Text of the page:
Major Lodge Victory
REVIEW BY: Jason Warburg
ORIGINALLY PUBLISHED: 08/14/2006
Just how good is it to hear the driving drums, surging chords and yearning vocals that signal the return of star-crossed 90s jangle-rock icons the Gin Blossoms? For this listener at least, it’s like somebody hit rewind and started summer all over again.
Of course, I can already hear the first knock from the “critics” -- “they sound just like before.” Well, *yeah*… they sounded GREAT before.
Furthermore, the “nothing new” slap just isn’t the case. True, in the early going Major Lodge Victory does recall the classic 90s Blossoms sound, complete with twin-engine guitars polished to a potent sheen by producer-in-residence John Hampton. But this is a different GBs album for a different time. After an early history dogged by turmoil and tragedy, and an early sound that juxtaposed fat, propulsive guitar lines with downbeat lyrics, this disc dares to ask if the world is ready for a *happy* Gin Blossoms album.
Granted, the opener has that familiar ambivalent feel, what with the guys “Learning The Hard Way” over a ripping good riff. Taking into account classicist GB-isms such as “Counting up the hours / For the perfect time to leave,” this one would indeed fit right in alongside the melancholy bounce of “Hey Jealousy” or “Follow You Down.” Even when some aspects reflect past glories, though, the music here feels punched up with an energy that’s more light than dark. “Come On Hard” might have emerged as a thundering self-indictment in the old days; here, when lead vocalist Robin Wilson sings “I promise I won’t hurt you anymore,” it feels risky but ultimately hopeful.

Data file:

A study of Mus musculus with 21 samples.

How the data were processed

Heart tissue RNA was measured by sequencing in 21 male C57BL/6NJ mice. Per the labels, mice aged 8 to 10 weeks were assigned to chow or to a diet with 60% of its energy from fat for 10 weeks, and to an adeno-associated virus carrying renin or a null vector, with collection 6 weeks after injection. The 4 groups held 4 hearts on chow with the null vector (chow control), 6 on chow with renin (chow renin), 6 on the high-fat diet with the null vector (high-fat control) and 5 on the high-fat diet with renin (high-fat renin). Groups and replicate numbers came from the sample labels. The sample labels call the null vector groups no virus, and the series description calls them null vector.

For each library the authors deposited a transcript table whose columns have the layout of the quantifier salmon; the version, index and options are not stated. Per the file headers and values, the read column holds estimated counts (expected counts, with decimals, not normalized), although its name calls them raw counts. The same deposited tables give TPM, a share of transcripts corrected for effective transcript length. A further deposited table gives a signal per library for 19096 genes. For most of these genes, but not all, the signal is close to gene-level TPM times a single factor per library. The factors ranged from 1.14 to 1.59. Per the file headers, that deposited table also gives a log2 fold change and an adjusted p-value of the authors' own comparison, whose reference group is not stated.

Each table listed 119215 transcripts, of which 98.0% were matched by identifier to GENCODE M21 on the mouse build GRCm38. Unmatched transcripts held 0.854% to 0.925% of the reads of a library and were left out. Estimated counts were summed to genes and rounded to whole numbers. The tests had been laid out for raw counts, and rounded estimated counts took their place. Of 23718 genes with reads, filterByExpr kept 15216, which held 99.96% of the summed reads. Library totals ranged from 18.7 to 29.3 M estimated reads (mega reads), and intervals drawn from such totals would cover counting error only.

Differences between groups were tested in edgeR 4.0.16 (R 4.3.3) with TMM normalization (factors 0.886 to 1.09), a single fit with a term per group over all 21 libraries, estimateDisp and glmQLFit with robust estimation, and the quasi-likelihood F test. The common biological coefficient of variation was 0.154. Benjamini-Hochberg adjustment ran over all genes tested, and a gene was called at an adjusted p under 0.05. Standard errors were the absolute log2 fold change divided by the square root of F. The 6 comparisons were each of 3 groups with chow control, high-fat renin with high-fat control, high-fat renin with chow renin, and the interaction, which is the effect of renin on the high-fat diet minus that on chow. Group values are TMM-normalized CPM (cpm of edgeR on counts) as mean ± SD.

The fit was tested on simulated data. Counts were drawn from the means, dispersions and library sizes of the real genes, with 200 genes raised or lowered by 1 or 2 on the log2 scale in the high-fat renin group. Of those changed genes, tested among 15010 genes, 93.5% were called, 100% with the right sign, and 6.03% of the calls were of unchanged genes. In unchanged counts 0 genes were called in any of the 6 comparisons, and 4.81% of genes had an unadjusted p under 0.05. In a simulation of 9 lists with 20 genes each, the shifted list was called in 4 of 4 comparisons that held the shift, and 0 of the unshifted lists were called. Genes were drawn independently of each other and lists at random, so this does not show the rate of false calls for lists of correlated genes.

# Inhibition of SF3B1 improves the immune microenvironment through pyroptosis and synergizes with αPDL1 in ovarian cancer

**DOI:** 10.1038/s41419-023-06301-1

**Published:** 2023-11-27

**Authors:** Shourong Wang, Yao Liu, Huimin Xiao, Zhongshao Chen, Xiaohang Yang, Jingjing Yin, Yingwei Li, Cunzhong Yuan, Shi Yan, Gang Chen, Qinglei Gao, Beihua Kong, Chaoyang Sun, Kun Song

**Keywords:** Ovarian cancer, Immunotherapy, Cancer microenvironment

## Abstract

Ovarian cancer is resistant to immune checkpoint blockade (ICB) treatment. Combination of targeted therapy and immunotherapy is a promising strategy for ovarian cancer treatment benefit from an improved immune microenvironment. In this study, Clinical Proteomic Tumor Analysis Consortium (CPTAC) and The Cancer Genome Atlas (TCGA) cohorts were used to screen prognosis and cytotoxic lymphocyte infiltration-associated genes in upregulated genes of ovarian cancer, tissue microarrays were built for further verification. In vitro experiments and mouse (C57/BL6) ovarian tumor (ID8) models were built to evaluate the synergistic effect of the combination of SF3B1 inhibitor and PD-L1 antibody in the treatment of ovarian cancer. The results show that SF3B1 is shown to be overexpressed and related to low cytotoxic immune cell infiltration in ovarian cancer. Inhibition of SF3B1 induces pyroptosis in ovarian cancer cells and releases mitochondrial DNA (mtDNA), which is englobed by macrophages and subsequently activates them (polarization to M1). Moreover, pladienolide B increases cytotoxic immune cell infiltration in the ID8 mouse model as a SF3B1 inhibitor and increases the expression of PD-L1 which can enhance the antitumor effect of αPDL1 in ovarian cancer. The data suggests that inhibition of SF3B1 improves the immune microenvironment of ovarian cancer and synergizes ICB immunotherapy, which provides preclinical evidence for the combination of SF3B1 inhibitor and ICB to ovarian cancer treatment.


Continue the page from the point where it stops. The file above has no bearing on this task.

The sunnier sound here coincides with a larger role for guitarist/harmony vocalist Jesse Valenzuela, who pulls a co-producer credit in addition to writing the bulk of these songs, several with Sue Sandberg and/or the Rembrandts’ Danny Wilde. Valenzuela’s harmonizing with Wilson has never sounded better, whether on slower numbers like the gorgeous ballad “Someday Soon” or on faster cuts like the positively bubbly “Heart Shaped Locket” and “Let’s Play Two.” Also keenly felt on songs like the latter is the power-pop influence of
Wilson and Valenzuela, who in the past have rarely co-written, do it twice here with strong results. “The End Of The World” is a well-arranged, keening ballad, while “Long Time Gone” mines the classic GBs guitar-pop sound while featuring some of the pair’s strongest harmonies.
Later on, “Curious Thing” offers a blast of textbook verse-chorus Marshall Crenshaw power-pop, complete with call-and-answer vocals, and “Fool For The Taking” delivers an extra-punchy Replacements-on-a-sugar-high feel. The album closes with the mid-tempo “
For the longtime fan, it’s hard at times to keep from missing the aggressive guitar work that lit up both New Miserable Experience and Congratulations I’m Sorry; this set gives lead guitarist Scotty Johnson scant moments to shine. He manages to plant one sweet solo in “Come On Hard,” but this time out the GBs are more about hooky choruses than blazing guitars. Bassist Bill Leen’s presence feels similarly understated, though he does contribute one of the disc’s finest ballads, the melancholy “Jet Black Sunrise.”
After ten years of waiting for the follow-up to Congratulations I’m Sorry, though, it feels petty to quibble about such things. A set of mostly upbeat songs from a group of years-more-mature guys might not be as immediately compelling as the uber-angst that surrounded this band in younger days, but there’s more than enough excitement here to suggest the Blossoms have a long road still to run.